Label-free contrasting technique for laser microscopy opens up new possibilities in biomedical research

Harvard University’s Office of Technology Development (OTD) and Carl Zeiss MicroImaging GmbH, a 100% subsidiary of Carl Zeiss AG, have signed a licensing agreement permitting Carl Zeiss MicroImaging GmbH to use the CARS (Coherent anti-Stokes Raman-Scattering) microscopy technology developed at Harvard. The technology shall be used in the confocal and multiphoton microscopes from Carl Zeiss.

CARS makes it possible for the first time to image biochemically important molecules in living cells and organisms without the need to label them with a dye. The contrast is produced by intrinsic vibrations of molecules in the examined specimen. Therefore, the sometimes complex fluorescence labeling procedure can be avoided. Furthermore, it is possible to prevent the behavior of the examined molecules from being influenced by a label. Therefore, CARS microscopy permits measurements in cases where there is particularly high sensitivity to labeling with marker molecules. The CARS technique complements and supplements fluorescence microscopy by contributing to a more in-depth understanding of biological and biochemical processes.

The technology developed in the lab of Xiaoliang Sunney Xie, Ph.D., Professor of Chemistry and Chemical Biology at Harvard University, not only enables label-free imaging, but also the visualization of molecular labels that barely affect the properties of the marked biomolecules. Possible applications include pharmacokinetic examinations on the transport of active ingredients in biological tissues.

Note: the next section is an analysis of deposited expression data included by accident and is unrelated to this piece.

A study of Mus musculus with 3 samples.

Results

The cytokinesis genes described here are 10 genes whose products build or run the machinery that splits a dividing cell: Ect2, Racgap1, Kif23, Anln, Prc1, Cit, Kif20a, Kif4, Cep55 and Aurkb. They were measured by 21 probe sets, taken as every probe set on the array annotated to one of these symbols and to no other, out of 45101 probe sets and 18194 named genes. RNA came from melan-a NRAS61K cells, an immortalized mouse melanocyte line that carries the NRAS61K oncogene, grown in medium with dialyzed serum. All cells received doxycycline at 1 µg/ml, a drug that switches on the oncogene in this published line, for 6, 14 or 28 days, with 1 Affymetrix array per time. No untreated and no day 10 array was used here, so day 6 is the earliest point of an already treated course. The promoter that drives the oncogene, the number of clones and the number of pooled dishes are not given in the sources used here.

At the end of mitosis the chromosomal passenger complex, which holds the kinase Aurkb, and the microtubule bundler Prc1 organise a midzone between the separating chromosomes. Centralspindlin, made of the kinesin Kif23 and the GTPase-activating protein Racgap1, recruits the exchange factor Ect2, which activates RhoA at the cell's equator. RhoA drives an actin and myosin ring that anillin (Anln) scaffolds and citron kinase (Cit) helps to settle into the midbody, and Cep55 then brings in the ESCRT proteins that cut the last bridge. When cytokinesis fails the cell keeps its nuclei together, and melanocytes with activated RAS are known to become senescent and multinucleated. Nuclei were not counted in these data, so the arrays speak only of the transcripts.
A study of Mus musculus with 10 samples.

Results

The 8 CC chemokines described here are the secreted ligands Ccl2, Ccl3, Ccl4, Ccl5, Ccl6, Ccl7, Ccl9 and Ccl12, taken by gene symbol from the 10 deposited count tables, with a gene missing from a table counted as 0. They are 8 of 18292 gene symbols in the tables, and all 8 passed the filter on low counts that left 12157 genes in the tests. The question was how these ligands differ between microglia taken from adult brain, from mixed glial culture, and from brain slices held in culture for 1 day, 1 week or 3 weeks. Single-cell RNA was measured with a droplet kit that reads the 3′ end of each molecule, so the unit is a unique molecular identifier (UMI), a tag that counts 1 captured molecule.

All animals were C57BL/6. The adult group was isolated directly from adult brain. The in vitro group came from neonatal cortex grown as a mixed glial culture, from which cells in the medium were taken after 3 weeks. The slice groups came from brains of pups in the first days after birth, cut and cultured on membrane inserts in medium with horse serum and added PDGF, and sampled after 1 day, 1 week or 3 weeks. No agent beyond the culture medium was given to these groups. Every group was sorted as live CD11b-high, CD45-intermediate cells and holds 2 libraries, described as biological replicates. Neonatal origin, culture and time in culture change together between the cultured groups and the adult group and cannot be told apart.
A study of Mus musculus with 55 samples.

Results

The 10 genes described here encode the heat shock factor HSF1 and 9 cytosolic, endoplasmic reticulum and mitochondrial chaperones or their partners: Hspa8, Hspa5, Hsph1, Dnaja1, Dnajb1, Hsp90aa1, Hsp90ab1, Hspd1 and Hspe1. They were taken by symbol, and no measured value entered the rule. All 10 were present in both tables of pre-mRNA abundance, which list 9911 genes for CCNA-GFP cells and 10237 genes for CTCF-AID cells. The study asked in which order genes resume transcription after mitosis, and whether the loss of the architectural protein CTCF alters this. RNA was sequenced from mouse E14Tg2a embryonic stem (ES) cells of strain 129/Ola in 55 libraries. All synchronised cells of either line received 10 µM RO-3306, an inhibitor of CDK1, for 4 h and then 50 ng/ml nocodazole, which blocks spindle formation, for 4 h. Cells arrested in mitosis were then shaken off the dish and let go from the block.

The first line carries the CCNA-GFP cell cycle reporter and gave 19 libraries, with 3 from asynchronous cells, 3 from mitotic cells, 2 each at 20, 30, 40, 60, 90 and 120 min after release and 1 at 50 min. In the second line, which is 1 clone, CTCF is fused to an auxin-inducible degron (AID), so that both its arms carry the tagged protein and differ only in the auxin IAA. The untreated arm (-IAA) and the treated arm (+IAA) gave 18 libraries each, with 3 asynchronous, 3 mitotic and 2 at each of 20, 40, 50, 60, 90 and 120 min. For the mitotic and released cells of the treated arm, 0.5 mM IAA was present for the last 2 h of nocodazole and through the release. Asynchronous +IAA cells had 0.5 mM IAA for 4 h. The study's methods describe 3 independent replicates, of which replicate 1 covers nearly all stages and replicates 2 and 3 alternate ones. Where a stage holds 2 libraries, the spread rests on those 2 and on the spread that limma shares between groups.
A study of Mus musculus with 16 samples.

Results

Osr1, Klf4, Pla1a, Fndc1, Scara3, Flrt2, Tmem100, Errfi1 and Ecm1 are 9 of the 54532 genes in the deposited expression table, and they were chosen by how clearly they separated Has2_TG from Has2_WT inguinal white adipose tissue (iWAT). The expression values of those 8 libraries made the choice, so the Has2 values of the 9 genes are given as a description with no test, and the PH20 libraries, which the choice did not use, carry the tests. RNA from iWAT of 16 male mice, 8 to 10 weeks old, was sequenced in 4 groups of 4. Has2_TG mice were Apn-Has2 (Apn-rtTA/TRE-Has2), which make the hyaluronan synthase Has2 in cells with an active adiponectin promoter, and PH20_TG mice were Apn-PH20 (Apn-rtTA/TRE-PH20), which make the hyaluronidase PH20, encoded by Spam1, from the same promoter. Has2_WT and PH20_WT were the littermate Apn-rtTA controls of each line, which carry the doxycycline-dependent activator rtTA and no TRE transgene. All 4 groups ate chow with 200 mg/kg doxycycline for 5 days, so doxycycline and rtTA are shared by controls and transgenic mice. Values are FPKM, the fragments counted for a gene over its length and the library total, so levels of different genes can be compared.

“This technology has far-reaching implications for helping advance important biomedical research,” stated Isaac T. Kohlberg, Chief Technology Development Officer at Harvard University.
“Our agreement with Carl Zeiss MicroImaging is aligned with our strategy to partner with the best and most expert companies who, like us, are dedicated to excellence and quality.”

Dr. Ulrich Simon, President and CEO of Carl Zeiss MicroImaging GmbH, stated: “Carl Zeiss thoroughly screens for all technologies that promise to put its customers’ research into a leading position. Professor Xie and his group at Harvard University have pioneered CARS microscopy in a very impressive way. Licensing this technology will allow us to add another highly efficient research tool to our advanced microscopy portfolio.”

With CARS microscopy, biomedical research has another innovative contrasting technique that will add a new dimension to laser scanning microscopy. Combined with fluorescence imaging of biological and technical specimens, the technique will contribute to a more in-depth understanding of biological and biochemical processes. However, the CARS technology can also be used beyond cell biology, e.g. for the development and testing of new active ingredients in the pharmaceutical industry, or for medical diagnostics.